Complainers are convinced that your executive team, the dock workers, and the technicians stay up nights trying to figure out how to deceive them, ruin operations, and destroy opportunities.
Believe it or not, some people listen to them, thinking empathy will build the relationship and eventually stop the whining. If you’re of this mindset, please reconsider. Relentless commiserating about what “leadership” will or won’t do, what may or may not change, what’s “fair” or “unfair” will not get you free of the complainer. It only tends to infect you with the same bad habit.
Whiners generally love company with their misery. So play “ain’t it awful” with the appropriate body language and matching sad stories—but with a light twist. Never minimize what the complainer sees as a tough situation. But as you tell your own sad facts, do so with a spirit of fun and a survivor spirit—as an overcomer rather than a victim.
The complainer may say this to you: “Are you sure this form you sent is the correct one? Half the time when I call your department, they send the wrong form and I have to do the paperwork all over again. The guy I talked to yesterday said he was going to email it as soon as we got off the phone and nothing ever came. I’m just making sure that what I got this morning is correct before I waste all the time to complete it.”
Consider this kind of comment a “preventative” complaint. It’s the whiner’s way to keep you on top of the details of a situation. Their motto: Complain before there’s a foul-up so there won’t be a foul-up.
Redirect your complainer’s focus from your own department, team, or organization: To a competitor. To a vendor. To the association. To the industry as a whole. Just ask a few questions to get the complainer off and running: Who’s putting pressure on the complainer to do what? Who are the big influencers persuading people to do what? Who has the power to turn the situation around? How?
Other more specific examples: “Do others on the team feel the same way you do about this process?” “Have you read other articles that point out the same negatives?” “Have you seen complaints about this on social media?” “Did anybody respond to those posts with good suggestions for solving the problem?” “Have you talked to your counterparts in other organizations—do they have the same issues?” “So what have they done to solve similar problems?”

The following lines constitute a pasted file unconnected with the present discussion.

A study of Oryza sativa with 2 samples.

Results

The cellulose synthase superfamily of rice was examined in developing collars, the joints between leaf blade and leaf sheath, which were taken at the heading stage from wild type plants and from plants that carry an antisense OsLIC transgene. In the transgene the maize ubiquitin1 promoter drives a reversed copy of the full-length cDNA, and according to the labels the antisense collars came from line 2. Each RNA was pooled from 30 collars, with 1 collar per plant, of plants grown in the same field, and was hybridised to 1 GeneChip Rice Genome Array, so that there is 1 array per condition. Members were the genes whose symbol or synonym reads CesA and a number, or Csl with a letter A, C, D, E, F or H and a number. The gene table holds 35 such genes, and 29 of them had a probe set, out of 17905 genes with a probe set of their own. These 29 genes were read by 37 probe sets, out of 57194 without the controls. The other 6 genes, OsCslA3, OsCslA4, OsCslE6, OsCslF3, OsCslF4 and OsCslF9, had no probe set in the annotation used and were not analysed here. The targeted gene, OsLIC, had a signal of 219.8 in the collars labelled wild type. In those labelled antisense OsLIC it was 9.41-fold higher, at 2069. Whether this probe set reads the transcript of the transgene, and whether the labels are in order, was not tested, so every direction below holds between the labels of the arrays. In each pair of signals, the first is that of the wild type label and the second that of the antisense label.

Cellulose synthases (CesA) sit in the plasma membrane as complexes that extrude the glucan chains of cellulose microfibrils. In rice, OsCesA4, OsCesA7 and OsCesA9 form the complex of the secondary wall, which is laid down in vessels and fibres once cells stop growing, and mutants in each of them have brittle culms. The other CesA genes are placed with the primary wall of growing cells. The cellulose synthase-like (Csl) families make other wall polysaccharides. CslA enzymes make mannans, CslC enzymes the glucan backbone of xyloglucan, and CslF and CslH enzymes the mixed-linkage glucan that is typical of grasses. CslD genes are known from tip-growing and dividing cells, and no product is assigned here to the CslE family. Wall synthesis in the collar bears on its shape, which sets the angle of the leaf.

You get the idea. Rather than feeling pressure to take action yourself, consider the complainer as a pipeline of information that you may not routinely hear.
When you see no real problem that warrants corrective action and think the complainer has simply been overcome by a bad habit, help him or her adopt a new perspective. For example, send along positive comments from your colleagues to let the complainer know that coworkers have a different viewpoint.
Share positive blog posts, news quotes, awards won by the leadership team, studies mentioning your organization, surveys of the employee group as a whole, client testimonial emails and letters.
In other words, build the buzz. Collect the buzz. Share the buzz. Be the buzz. Eventually, realizing that his or her negative views are not shared by the majority, the complainer may clam up.
If a complainer continues to whine, probe to find out how serious the issue is by suggesting that they put their complaint in an email that you can pass on to the executive team through your channels. Granted, that’s more work—and riskier—for them than simply grumbling to you. And that’s the point. Your offer is in effect “put up or shut up.”
An almost guaranteed way to stop the complainer: Apply pressure to get them to take action. Here’s a generic flip-the-switch question: “So what are you planning to do about it?”
Example: The complainer says to you, “Well, it just happened again. Barb just told Jason he could take his two-week vacation this month. Never mind that she just announced in staff meeting this morning that NO ONE could be off during these three peak months.”
Your flip-the-switch question: “Hmm. So what are you going to do about it?”
Complainer: “What do you mean? Barb calls the shots.”
You: “But if you’re upset, do you plan to ask her why Jason’s getting off?”
Complainer: “Wouldn’t do any good.”
You: Nod and do nothing. Or: “Well, if you do decide to say something, let me know.”
Once the complainer understands that every complaint will elicit pressure for them to act, their enthusiasm for whining will wane.
If complainers take up far too much of your mindshare and time, increase the price for your listening shoulder.
Learn more ways to address complaints with Communicate With Confidence!: How to Say It Right the First Time and Every Time.